Future SEATs will be able to help prevent the 36% of collisions caused by driver distraction or tiredness with the use of artificial intelligence technology.

The technology uses an algorithm which analyses the eye openness, angle of vision, blink rate and head position of the driver, along with other visual attributes

The carmaker is working with Israel’s Eyesight Technologies to develop a solution that studies a driver’s eyes and head movement to detect if they’re falling asleep or distracted, based on the use of an algorithm. Any drivers found to be distracted will receive alerts – and in the longer term, the software will be able to detect pedestrians and analyse whether the driver has spotted them as well.

SEAT’s work on road safety is also seeing it collaborate with Gauzy, which is developing an active glazing technology that adapts to the weather conditions. It gives the driver the ability to darken windows, within legal limits, to avoid being dazzled by the sun while lighten the windows in darker environments and weather conditions.

Stefan Ilijevic, head of product innovation at SEAT, said: “In total more than 90% of the road accidents in Europe are caused by human factor. The main reasons include distraction and tiredness, excessive speed and alcohol and drugs.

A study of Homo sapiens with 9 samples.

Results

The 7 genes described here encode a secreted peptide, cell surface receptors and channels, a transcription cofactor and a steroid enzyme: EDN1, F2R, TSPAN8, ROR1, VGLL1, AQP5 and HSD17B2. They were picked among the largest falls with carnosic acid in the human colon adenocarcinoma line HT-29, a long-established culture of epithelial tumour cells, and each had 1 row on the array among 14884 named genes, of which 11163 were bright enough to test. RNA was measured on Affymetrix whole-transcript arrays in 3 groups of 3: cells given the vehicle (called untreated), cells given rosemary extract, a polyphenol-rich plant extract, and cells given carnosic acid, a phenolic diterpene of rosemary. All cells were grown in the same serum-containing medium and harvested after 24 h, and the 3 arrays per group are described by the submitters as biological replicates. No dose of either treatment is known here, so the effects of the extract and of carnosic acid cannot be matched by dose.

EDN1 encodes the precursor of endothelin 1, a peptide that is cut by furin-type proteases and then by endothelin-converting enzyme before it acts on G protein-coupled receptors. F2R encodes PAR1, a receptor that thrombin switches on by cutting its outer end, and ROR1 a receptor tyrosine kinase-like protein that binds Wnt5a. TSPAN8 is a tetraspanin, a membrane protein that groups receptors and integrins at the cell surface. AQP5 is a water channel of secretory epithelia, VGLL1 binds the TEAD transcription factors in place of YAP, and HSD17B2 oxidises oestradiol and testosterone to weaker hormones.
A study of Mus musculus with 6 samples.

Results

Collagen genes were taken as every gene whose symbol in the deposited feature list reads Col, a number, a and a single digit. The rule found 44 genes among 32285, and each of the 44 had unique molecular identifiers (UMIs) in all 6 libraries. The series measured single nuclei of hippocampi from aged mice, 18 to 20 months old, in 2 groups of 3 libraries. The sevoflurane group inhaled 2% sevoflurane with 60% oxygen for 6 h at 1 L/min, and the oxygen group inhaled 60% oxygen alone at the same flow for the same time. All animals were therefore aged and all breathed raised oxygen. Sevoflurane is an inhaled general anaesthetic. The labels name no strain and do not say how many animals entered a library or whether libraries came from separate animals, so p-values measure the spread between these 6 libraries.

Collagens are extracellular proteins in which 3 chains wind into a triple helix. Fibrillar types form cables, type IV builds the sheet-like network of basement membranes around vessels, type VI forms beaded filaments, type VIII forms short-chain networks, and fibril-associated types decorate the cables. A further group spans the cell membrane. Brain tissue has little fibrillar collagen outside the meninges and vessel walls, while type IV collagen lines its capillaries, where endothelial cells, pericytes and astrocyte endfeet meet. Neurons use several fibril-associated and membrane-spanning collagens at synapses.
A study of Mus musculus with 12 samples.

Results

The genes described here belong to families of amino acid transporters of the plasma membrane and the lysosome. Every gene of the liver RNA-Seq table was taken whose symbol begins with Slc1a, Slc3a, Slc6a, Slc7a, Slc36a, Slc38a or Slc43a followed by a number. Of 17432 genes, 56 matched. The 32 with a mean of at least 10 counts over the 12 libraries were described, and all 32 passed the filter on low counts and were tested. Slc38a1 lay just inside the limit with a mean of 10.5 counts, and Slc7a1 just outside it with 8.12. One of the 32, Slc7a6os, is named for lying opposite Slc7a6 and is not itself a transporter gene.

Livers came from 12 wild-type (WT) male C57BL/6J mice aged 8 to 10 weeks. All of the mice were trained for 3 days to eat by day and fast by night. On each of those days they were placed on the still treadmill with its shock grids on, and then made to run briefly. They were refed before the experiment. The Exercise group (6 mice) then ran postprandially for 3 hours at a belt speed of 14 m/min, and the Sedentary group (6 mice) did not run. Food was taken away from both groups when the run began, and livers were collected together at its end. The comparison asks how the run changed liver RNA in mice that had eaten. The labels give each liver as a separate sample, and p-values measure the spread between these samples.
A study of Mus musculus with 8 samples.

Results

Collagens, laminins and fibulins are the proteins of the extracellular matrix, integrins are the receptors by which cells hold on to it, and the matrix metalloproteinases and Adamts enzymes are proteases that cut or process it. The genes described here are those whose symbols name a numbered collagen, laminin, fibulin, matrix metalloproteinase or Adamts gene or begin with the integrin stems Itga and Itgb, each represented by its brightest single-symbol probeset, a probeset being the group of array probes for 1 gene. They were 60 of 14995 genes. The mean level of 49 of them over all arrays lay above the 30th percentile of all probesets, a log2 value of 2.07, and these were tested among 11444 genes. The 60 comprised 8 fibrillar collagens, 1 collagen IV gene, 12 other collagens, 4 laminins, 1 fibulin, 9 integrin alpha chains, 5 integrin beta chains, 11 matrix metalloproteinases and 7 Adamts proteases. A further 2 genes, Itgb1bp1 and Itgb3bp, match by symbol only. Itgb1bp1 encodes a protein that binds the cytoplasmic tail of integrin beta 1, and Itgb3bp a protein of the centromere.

“At SEAT we are working on solutions to prevent negligence behind the steering wheel and significantly reduce road accidents.

“We partner with some of the world’s brightest companies on important technology to save lives, since our long-term vision is a world with zero accidents.”

These projects are just some of the work being carried out by SEAT’s Xplora team, which was founded in 2017 with Champion Motors, Volkswagen Group’s brand importer in Israel, and to date has worked with more than 200 emerging Israeli businesses on solutions to enhance well-being and safety, cybersecurity, sustainability and artificial intelligence.

The aim is to carry out at least 10 proofs of concept every year to test how selected innovations would adapt in vehicles and services.


Natalie has worked as a fleet journalist for nearly 20 years, previously as assistant editor on the former Company Car magazine before joining Fleet World in 2006.